A town filled with huge temples, lively summer festivals, and stunning cherry blossoms
Located between the Arakawa and Tone Rivers in northern Saitama , Kumagaya makes for an easy sojourn from Tokyo. Boasting temples, shrines, festivals, ancient burial mounds and a historic steam train, the town is a great place to explore all year round.
- Menuma Shodenzan Kangiin Temple with its ornate woodcarvings and brilliant decoration
- Kumagaya Uchiwa Matsuri's parade of floats, mikoshi portable shrines, and drumming competition
- Cherry blossom viewing on the banks of the Arakawa River
How to Get There
Kumagaya is just an hour by train from Tokyo.
The best way to get to Kumagaya Station by train is to take the JR Shonan-Shinjuku Line from Shinjuku Station in Tokyo. Kumagaya Station is located right in the center of the town.
The hottest place in Japan?
Kumagaya holds the title of having some of the highest summer temperatures in Japan. There's a massive thermometer in front of Kumagaya Station emblazoned with the town's slogan “Atsui zo!” (it's hot), telling observers the temperature. While visitors may not want to be at Kumagaya during this time, there is plenty to see and do all throughout the year.
Spend time by the river
Although it's hot in summer, you're never far from a large river in Kumagaya. You can walk to the banks of the Arakawa River, and stroll along the nearby trails at Arakawa River Park.
The area is especially beautiful in spring when the cherry trees are in bloom. The cherry blossoms bloom light pink while nanohana flowers underneath bloom bright yellow, creating a scene of vivid color contrast.
Menuma Shodenzan Kangiin Temple
There are a number of temples and shrines dotted throughout Kumagaya, but the most impressive is Menuma Shodenzan Kangiin Temple. It is highly unusual in that the three sides of the back of the temple are formed from massive ornate wood carved panels. The carvings include monkeys with human-like facial expressions, elephants and other animals, as well as scenes of children playing, and mythical phoenixes. Each of the panels has a moral message. There are guided tours to explain the panels, but you might need a translator.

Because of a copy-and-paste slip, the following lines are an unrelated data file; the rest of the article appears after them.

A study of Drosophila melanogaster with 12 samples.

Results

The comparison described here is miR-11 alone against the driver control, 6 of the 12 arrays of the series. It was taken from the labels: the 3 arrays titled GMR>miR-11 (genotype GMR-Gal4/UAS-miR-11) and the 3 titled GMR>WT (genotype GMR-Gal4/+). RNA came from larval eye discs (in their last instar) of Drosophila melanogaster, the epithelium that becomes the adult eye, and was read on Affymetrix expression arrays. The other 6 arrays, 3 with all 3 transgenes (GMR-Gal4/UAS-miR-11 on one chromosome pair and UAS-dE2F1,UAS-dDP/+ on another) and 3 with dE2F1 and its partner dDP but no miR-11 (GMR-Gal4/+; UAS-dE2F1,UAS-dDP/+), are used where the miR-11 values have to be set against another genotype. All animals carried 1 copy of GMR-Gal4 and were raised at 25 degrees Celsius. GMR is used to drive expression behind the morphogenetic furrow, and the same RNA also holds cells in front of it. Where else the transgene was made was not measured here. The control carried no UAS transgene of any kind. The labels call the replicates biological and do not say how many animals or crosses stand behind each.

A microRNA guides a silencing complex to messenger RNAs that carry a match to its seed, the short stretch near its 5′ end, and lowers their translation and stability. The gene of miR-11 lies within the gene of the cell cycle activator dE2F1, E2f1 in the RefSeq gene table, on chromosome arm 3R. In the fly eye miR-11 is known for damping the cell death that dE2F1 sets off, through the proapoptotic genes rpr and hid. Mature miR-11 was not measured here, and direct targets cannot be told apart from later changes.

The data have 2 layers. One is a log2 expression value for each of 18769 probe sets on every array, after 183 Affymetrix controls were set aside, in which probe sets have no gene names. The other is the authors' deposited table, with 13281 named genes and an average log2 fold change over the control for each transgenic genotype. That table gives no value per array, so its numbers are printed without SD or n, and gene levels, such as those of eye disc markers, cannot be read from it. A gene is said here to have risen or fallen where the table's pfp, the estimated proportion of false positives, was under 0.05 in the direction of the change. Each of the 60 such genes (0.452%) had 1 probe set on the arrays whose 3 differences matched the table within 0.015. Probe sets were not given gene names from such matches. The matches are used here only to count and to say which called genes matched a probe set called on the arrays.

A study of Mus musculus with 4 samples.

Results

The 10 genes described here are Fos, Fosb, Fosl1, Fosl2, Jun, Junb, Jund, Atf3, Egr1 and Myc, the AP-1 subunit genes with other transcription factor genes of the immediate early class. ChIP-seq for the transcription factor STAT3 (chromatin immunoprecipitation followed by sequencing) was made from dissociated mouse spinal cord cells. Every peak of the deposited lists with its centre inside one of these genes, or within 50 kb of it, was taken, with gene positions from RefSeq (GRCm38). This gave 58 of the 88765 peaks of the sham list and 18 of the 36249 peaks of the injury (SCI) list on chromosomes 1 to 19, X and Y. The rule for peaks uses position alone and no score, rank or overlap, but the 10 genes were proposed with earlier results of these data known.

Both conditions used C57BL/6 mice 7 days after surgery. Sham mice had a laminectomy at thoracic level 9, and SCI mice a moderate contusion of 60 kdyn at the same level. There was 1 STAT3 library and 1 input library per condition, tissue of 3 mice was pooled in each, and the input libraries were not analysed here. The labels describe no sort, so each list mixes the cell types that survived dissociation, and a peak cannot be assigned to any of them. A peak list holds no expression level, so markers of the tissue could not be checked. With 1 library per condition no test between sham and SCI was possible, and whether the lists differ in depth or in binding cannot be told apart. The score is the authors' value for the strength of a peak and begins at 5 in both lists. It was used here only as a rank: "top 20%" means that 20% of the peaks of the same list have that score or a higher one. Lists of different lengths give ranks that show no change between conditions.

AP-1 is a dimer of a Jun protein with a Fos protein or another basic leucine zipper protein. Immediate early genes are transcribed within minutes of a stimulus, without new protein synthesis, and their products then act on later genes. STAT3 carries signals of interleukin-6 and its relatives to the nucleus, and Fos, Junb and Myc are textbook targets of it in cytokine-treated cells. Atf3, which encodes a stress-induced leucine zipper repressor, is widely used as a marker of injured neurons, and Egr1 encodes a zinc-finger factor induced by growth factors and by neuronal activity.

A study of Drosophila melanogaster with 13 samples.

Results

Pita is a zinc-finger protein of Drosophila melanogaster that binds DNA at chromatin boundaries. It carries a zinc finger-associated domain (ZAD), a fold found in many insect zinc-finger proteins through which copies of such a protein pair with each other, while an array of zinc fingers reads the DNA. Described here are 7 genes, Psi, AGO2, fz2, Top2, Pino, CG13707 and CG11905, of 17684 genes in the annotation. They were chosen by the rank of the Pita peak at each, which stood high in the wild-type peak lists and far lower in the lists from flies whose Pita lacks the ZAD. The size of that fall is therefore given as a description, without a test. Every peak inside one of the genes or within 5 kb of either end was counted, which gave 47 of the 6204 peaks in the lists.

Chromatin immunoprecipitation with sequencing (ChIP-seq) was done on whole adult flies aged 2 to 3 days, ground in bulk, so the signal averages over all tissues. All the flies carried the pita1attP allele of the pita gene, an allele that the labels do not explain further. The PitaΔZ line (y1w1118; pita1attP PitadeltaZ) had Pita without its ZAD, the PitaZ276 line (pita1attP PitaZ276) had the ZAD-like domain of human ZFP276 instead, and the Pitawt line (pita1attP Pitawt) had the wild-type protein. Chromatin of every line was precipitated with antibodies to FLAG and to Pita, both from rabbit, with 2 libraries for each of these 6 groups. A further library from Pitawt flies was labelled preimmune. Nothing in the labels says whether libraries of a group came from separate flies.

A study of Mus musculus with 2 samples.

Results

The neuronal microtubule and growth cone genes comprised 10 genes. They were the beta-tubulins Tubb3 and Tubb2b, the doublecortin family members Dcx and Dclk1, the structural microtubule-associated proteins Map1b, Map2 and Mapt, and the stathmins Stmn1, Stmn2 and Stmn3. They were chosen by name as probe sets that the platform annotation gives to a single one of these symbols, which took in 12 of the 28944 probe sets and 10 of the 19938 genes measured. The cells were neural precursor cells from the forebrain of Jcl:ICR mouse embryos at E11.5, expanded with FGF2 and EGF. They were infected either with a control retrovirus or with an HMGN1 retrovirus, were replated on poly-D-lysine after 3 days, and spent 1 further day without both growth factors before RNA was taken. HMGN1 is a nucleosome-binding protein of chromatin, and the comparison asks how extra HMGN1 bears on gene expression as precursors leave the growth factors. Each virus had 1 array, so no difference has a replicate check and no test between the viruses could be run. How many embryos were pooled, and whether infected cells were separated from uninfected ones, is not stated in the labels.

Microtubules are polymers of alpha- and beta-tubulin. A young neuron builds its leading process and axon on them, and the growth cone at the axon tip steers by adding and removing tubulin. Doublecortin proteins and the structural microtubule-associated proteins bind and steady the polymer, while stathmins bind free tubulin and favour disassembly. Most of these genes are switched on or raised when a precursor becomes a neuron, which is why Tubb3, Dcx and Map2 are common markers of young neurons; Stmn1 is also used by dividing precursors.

Kumagaya Uchiwa Matsuri
Kumagaya's festival is considered the best of the summertime Gion festivals. The name comes from the tradition of shopkeepers handing out fans (uchiwa) to passersby to beat the summer heat that the area's so famous for.
The festival features a colorful parade of floats, mikoshi portable shrines, music, special events, and food and drink. The main event of the festival is its drumming competition, where young men perform on the festival's parade floats and try to out-drum each other. The floats depict legendary Japanese historical features such as Jimmu, its first emperor.
Enjoy the scenery from the historic paleo express
Kumagaya Station is the terminus for the Paleo Express, an old steam locomotive that travels through some of the prettiest mountain scenery in the Kanto region. The train runs alongside the Arakawa River . On either side, you can see forested mountain slopes and views of the river. Not only is the scenery pretty, but it's a rare chance to ride an historic steam train.
The ancient burial mounds of Gyoda
Near Kumagaya is Gyoda, a small town with ancient burial grounds. The burial grounds were built from the 5th to 7th centuries and are now located in Gyoda's gorgeous Sakitama Kofun Park.
Gyoda offers other attractions as well. Oshi Castle, which was originally built during the 15th century, towers over the town. The area is also famous for the Ancient Lotus Park, which boasts 42 different types of lotuses, some of which were grown from seeds dating back 1,400 years.